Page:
Soundtrack Review: The Color Purple (2005 Original Broadway Cast)

Alice Walker’s inspiring story of love, redemption and respect has found a new home for a new generation as her Pulitzer Prize-winning novel, ‘The Color Purple’, treads the boards on Broadway.

The show, directed by Gary Griffin, features a libretto written by Marsha Norman (also a Pulitzer-prizewinner, for the play (‘’Night, Mother’) and a composer/lyricist team of Brenda Russell (famous for her 1988 hit ‘Piano in the Dark’ and also a writer of Oleta Adams’ ‘Get Here’), Allee Willis and Stephen Bray.

The cast album features the entire show’s score, and features an incredible cast on prominent display.  LaChanze creates the lead role of Celie, a poor Southern black girl molested by her father, separated from her sister and sold to another abusive man, Mr. (Kingsley Leggs).  She finds strength in two women: Sofia (Felicia P. Fields), the tough-talkin’ wife of step-son Harpo (Brandon Victor Dixon), and Shug Avery, the free-spirited performer who has had affairs with everyone (Elizabeth Withers-Mendes).  All the while, Celie dreams of reuniting with her sister Nettie (Renee Elise Goldsberry).

Every cast member gets a chance to strut his or her stuff here – and what great stuff it is.  LaChanze’s good numbers include ‘Somebody Gonna Love You’ and ‘I’m Here,’ her eleventh-hour number, as well as a sweet, if ultimately none-too-memorable duet with Withers-Mendes, “What About Love?”  Withers-Mendes sings several lovely ballads, ‘Too Beautiful for Words’ and the show’s titular theme, ‘The Color Purple.’  She also gets the showstopper, ‘Push the Button,’ a highly-suggestive flapper-era number.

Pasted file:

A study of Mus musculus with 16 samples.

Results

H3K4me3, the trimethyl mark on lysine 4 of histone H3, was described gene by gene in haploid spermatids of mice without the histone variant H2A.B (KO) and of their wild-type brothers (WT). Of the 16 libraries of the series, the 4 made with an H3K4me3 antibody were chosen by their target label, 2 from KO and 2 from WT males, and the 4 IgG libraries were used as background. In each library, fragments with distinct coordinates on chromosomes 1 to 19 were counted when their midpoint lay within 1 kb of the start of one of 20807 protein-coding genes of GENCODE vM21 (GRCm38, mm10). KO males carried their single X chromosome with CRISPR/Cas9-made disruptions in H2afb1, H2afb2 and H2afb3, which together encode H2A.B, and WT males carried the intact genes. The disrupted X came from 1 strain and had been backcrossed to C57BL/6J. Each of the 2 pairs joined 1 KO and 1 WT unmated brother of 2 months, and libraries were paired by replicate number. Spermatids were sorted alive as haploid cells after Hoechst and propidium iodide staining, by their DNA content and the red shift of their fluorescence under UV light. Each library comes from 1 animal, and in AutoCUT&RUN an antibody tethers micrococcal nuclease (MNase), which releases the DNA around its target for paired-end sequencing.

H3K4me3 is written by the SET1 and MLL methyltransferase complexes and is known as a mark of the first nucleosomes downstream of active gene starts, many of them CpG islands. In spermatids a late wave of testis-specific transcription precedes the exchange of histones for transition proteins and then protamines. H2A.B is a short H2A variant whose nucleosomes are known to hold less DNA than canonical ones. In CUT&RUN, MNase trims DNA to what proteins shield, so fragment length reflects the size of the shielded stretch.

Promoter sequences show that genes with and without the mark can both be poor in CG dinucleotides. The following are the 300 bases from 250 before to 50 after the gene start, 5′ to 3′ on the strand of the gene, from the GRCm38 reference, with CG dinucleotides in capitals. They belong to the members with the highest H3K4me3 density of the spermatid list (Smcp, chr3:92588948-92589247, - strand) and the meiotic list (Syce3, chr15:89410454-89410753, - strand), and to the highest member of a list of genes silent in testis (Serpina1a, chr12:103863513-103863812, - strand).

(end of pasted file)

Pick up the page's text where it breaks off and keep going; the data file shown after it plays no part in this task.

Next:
Fields, also an audience favorite, gets a lot of attention from the audience, especially in one big anti-violence number, ‘Hell No!’  She and Dixon also get nice and naughty in a late second-act number, ‘Any Little Thing.’  The incredibly talented Leggs also gets a solo, ‘Celie’s Curse,’ and one wishes his rich baritone could have been featured more prominently.
These songs are all well-performed and many are appropriately gospel-tinged for a cast of God-worshipping characters, and in the moment are very absorbing, but they do not stay with the listener once the music stops.  It’s not that they are not catchy (some, like ‘Push the Button,’ most definitely are), but they are not lasting numbers, the way ‘Lot’s Wife’ in ‘Caroline, or Change’ was. 

That’s too bad.  The show and its music are pretty good, but Celie deserves better.

Note the date on this article may be incorrect due to importing it from our old system.